On November 20, 2007, I attended an MIT/Stanford Venture Lab (VLAB) event titled “Web 3.0: New Opportunities on the Semantic Web.” 
The topic of user scenarios arose several times, in the midst of discussion regarding underlying techniques and technologies. For example, people raised the topic of the evolution of ‘search.’ I contrasted two user scenarios for search.
In today’s “clerk-level service,” the beneficiary of a search guesses at words that might appear in documents that might be findable via the World Wide Web (or an intranet). A search engine returns a list of document matches, but provides at best minimal intelligence regarding which documents might be relevant to the beneficiary’s real needs and regarding the extent to which the beneficiary can trust the information.
In a future “librarian-level service,” the beneficiary would discuss outcomes the beneficiary wants to achieve (for example, in life or in business) and perhaps implementation steps the beneficiary is attempting to make. The discussion would be in vocabulary reflecting the beneficiary’s frame of reference. A “basic librarian service” returns information relevant to the objectives and activities. A “premium librarian service” also indicates the extent to which the information is useful and complete – in the context of the beneficiary’s needs.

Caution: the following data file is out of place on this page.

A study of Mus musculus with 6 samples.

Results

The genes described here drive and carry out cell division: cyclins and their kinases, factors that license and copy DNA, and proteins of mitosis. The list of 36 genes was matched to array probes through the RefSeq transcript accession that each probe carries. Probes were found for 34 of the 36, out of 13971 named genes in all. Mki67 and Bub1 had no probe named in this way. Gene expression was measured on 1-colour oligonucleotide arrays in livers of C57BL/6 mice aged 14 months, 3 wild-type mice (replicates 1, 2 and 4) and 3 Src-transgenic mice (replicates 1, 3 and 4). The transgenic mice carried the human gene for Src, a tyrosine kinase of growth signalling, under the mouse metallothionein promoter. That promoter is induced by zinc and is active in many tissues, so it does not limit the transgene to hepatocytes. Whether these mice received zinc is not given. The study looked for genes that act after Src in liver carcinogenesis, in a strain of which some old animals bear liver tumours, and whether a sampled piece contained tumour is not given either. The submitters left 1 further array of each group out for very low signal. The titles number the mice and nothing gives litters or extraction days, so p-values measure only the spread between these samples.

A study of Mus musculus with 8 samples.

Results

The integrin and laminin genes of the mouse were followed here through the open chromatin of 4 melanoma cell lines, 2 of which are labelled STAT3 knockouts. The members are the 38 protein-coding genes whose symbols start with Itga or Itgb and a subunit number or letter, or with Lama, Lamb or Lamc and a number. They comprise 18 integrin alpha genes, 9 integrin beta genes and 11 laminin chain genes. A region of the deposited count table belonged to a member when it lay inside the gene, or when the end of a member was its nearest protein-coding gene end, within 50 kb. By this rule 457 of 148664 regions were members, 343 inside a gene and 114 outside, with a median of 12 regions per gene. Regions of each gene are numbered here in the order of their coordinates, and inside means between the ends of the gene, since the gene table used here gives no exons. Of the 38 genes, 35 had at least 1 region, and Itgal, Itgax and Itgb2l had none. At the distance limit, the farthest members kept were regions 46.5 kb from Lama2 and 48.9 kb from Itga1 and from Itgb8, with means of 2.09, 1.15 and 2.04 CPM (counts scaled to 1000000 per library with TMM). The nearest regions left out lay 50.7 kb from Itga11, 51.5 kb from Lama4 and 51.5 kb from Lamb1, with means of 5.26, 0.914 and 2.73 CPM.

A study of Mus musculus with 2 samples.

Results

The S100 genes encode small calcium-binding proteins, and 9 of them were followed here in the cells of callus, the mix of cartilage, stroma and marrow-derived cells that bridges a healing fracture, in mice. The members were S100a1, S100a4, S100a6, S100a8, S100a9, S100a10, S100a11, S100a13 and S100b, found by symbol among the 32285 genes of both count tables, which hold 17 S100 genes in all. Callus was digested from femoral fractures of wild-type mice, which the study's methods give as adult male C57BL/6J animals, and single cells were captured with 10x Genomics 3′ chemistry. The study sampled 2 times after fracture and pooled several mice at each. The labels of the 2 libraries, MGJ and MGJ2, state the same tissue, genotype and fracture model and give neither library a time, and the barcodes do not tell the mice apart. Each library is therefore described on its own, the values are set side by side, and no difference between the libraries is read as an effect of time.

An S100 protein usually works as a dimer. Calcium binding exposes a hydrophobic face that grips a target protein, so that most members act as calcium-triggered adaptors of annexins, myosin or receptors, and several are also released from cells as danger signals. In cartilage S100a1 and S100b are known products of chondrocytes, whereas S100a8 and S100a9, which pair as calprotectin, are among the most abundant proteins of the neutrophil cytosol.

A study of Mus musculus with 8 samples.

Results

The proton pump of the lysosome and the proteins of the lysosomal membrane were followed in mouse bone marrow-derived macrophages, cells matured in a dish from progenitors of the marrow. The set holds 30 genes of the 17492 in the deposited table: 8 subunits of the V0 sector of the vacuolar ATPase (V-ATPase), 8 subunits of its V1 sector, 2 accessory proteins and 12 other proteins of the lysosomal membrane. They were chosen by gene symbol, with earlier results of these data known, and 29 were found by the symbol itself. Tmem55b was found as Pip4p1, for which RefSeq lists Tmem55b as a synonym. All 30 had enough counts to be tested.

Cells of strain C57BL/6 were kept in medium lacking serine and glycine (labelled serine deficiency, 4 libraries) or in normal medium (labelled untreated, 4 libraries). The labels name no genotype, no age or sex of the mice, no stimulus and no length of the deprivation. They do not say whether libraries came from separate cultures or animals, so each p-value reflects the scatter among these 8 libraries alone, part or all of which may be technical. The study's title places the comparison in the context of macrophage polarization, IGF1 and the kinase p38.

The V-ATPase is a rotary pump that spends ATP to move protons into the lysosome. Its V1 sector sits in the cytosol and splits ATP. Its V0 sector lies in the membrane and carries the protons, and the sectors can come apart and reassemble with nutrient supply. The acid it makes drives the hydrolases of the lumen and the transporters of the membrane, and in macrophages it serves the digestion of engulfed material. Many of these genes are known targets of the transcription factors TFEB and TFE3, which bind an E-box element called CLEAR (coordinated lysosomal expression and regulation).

Here, the terms “clerk” and “librarian” are meant to evoke images of services provided by people who staff traditional human-run information services, such as public and corporate libraries.
The above analysis is an application of the Direct Outcomes systems-thinking tool known as Achieve Progress. The terminology of ‘clerk’ and ‘librarian’ are previous terms for today’s ‘Transactions’ and ‘Information’ services. This application dovetails with the roadmap for the electromechanical Information Age that Achieve Progress suggests. The roadmap predicts 6 eras of widely applicable services based on electromechanical technologies. The Infrastructure era started in the 1840s with deployment of telegraphy. The Transactions era started in 1890 with the electromechanical processing of data for the United States census. Perhaps the Information era will start soon. 
Click for information about Thomas J. Buckholtz.